Here’s some good news for your weekend: Wind power is kicking ass in the US.
That is the TL;DR version of the annual Wind Technologies Market Report just released by the US Department of Energy and Lawrence Berkeley National Laboratory (LBNL).
With 73,992 MW, the US is now the No. 2 country in the world in installed wind capacity (after China, which has a mind-boggling 145,053 MW). And we are No. 1 in actual wind electricity generated.
All that wind only provides about 5.6 percent of US electricity, though, which puts us well behind leaders like Denmark (40 percent), Portugal, Ireland, and Spain (between 20 and 30 percent).
So we’ve got a long way to go to catch up with Denmark (and its amazing energy policies), but we’re making progress.
There’s lots, and I mean lots, more in the report. Here are the three most impressive ways wind is kicking ass.
1) Wind power is getting cheaper
The cost of electricity from wind has been steadily declining since a high in 2009 and 2010. One way the report measures this is by looking at the cost of power purchase agreements (PPAs), which are contracts between a power consumer and a power supplier to purchase the energy generated by a project over a set period of time.
“After topping out at nearly 7¢/kWh in 2009,” LBNL writes, “the average levelized long-term price from wind power sales agreements has dropped to around 2¢/kWh—though this nationwide average is dominated by projects that largely hail from the lowest-priced central region of the country.”
Here’s the chart:
As you can see, recent buildout has been dominated by the Interior region, especially Texas, which is the leading US state for wind — boasting, at 17,711 MW of installed capacity, nearly triple the amount of its nearest competitor, Iowa, which has 6,209 MW.
Wind turbines are also getting cheaper, at least relative to their 2009 peak. The chart:
“Overall,” LBNL researchers write, “these figures suggest price declines of 20%–40% since late 2008.” The falling cost of turbines is pushing down the overall installed cost of wind projects, though the details vary significantly among regions and turbine sizes.
2) Wind turbines are getting better
It’s notable that turbine prices are declining, because turbines are also getting better — bigger, taller, wider, more handsome, you name it. The best way to measure this is to look at a turbine’s “capacity factor” (CF), which refers to how much power a turbine produces relative to its capacity. (A 2 MW turbine with a CF of 30 percent produces 600 MWh a year — 30 percent of 2 MW.)
As towers get taller and blades get bigger, turbines can reach more wind and produce more power; their CFs rise.
This chart shows the CFs of wind projects as of 2015, broken out based on the age of the project:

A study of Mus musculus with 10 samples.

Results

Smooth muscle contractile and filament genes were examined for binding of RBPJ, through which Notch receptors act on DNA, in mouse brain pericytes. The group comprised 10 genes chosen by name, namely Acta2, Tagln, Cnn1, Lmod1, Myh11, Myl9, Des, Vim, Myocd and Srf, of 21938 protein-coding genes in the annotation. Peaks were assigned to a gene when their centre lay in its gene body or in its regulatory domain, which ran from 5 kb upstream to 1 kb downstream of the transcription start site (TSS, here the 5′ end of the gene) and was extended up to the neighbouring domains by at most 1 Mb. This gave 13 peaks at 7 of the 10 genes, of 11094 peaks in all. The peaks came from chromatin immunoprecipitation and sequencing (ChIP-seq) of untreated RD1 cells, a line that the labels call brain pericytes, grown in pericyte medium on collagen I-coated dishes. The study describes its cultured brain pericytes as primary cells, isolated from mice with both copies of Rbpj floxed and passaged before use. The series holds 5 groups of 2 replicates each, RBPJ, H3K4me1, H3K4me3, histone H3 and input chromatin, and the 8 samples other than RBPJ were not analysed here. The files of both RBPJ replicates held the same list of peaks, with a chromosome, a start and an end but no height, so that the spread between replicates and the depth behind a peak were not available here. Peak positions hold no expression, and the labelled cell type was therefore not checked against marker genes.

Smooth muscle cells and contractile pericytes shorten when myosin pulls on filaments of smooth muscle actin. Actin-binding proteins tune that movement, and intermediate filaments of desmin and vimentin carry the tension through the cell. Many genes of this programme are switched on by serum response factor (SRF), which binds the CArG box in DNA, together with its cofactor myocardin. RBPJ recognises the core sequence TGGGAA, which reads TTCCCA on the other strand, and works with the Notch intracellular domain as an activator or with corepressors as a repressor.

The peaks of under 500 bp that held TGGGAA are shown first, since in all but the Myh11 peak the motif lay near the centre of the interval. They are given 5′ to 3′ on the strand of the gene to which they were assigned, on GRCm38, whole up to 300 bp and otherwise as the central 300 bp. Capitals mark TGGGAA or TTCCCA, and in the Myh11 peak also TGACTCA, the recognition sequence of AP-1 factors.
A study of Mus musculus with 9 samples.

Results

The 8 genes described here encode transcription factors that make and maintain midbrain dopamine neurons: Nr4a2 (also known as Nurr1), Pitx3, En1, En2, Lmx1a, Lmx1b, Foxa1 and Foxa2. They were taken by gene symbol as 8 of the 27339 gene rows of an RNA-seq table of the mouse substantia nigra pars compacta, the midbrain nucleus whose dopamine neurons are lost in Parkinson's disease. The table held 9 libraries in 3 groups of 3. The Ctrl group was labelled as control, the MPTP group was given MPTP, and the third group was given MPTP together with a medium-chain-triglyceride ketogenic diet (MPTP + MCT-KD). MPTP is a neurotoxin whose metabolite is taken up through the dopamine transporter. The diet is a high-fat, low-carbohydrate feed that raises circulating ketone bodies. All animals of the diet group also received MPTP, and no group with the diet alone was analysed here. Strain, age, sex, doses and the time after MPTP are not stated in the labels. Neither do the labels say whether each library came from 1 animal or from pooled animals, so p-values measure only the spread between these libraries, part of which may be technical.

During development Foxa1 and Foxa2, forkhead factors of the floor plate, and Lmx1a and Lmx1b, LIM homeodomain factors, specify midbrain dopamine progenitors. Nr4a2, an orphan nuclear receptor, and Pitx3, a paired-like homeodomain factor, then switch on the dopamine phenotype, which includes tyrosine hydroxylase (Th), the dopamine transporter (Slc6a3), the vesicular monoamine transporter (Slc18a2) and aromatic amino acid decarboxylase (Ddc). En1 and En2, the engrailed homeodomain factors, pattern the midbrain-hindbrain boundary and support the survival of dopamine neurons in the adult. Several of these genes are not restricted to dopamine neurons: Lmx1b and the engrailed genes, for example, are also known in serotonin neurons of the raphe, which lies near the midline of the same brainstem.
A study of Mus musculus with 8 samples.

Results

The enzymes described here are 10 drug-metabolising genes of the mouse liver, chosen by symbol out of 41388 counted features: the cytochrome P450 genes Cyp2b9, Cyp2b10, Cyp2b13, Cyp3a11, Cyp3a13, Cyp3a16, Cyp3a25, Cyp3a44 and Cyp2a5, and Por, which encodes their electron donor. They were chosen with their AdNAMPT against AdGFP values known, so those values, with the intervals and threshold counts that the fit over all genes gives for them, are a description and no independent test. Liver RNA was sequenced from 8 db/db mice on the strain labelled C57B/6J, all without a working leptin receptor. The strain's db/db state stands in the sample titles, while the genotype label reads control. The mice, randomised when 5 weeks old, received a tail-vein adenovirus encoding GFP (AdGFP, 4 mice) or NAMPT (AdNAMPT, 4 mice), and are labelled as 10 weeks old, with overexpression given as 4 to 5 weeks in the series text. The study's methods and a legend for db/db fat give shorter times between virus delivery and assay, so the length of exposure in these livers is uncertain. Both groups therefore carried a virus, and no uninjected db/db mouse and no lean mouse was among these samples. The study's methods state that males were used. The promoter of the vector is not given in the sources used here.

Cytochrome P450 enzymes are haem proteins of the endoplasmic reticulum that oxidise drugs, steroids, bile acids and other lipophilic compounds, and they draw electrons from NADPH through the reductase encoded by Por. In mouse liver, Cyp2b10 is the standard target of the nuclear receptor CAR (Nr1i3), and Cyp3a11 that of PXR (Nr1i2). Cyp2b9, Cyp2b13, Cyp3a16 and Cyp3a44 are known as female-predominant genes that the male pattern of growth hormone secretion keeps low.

As you can see, wind projects built in 1998-’99 are averaging about 25 percent CF. Projects built in 2014 are averaging 40 percent, with the best ones hitting 50 percent. That’s pretty remarkable.
Author and futurist Ramez Naam has a great post on this. He predicts that average wind turbines will reach 60 percent CF by 2035, and at some of the best sites by 2025.
3) Wind installations are blowing up
Driven by falling cost, improving performance, and the five-year renewal of the Production Tax Credit (PTC), installations surged in 2015, with 8,598 MW of new wind capacity coming online.
That amounts to 41 percent of all the power capacity added in the US in 2015 — the largest market share of any source of energy, handily beating solar and natural gas.
And the heated pace of installations is expected to continue, especially as developers take advantage of the dwindling PTC. (The PTC is a tax credit given to wind developers based on electricity production from their projects; it is now set to phase out over five years.)
Installations have naturally clustered in the windiest areas. LNBL:
Over the last decade, wind power represented 31% of total U.S. capacity additions, and an even larger fraction of new generation capacity in the Interior (54%) and Great Lakes (48%) regions. Its contribution to generation capacity growth over the last decade is somewhat smaller—but still significant—in the West (22%) and Northeast (21%), and considerably less in the Southeast (2%).
But remember what we learned about turbines getting better. In another report last year, DOE examined what new and improved turbines could mean for the amount of land suitable for wind power development. In the US, most turbines have a “hub height” of 80 meters. Around 110 meters is already common in Europe; 140 meters or so is state-of-the-art. (Here’s a mesmerizing time-lapse video showing the assembly of the tallest wind tower in the US, at 115 meters.)
Turns out, state-of-the-art turbines could increase the US land suitable for wind development by 67 percent.
Here’s a cool map. The dark blue is land where today’s most familiar, established turbines can achieve a minimum of 30 percent CF. Lighter blue areas are where the best of today’s turbines can do that. Orange is where state-of-the-art turbines can do it.
So wind is coming, even to the Southeast.
The optimistic scenario for US wind is as follows. Over the next five years, the PTC will phase out. That will drive a continuing surge in installations, as developers race to take advantage of it. That buildout will bring continuing improvements in cost and performance. Those improvements will outrun the decline in the PTC and wind will stand on its own two feet by 2020, even without a carbon price.
There are caveats, but it’s the weekend, so let’s just take our good news where we can get it.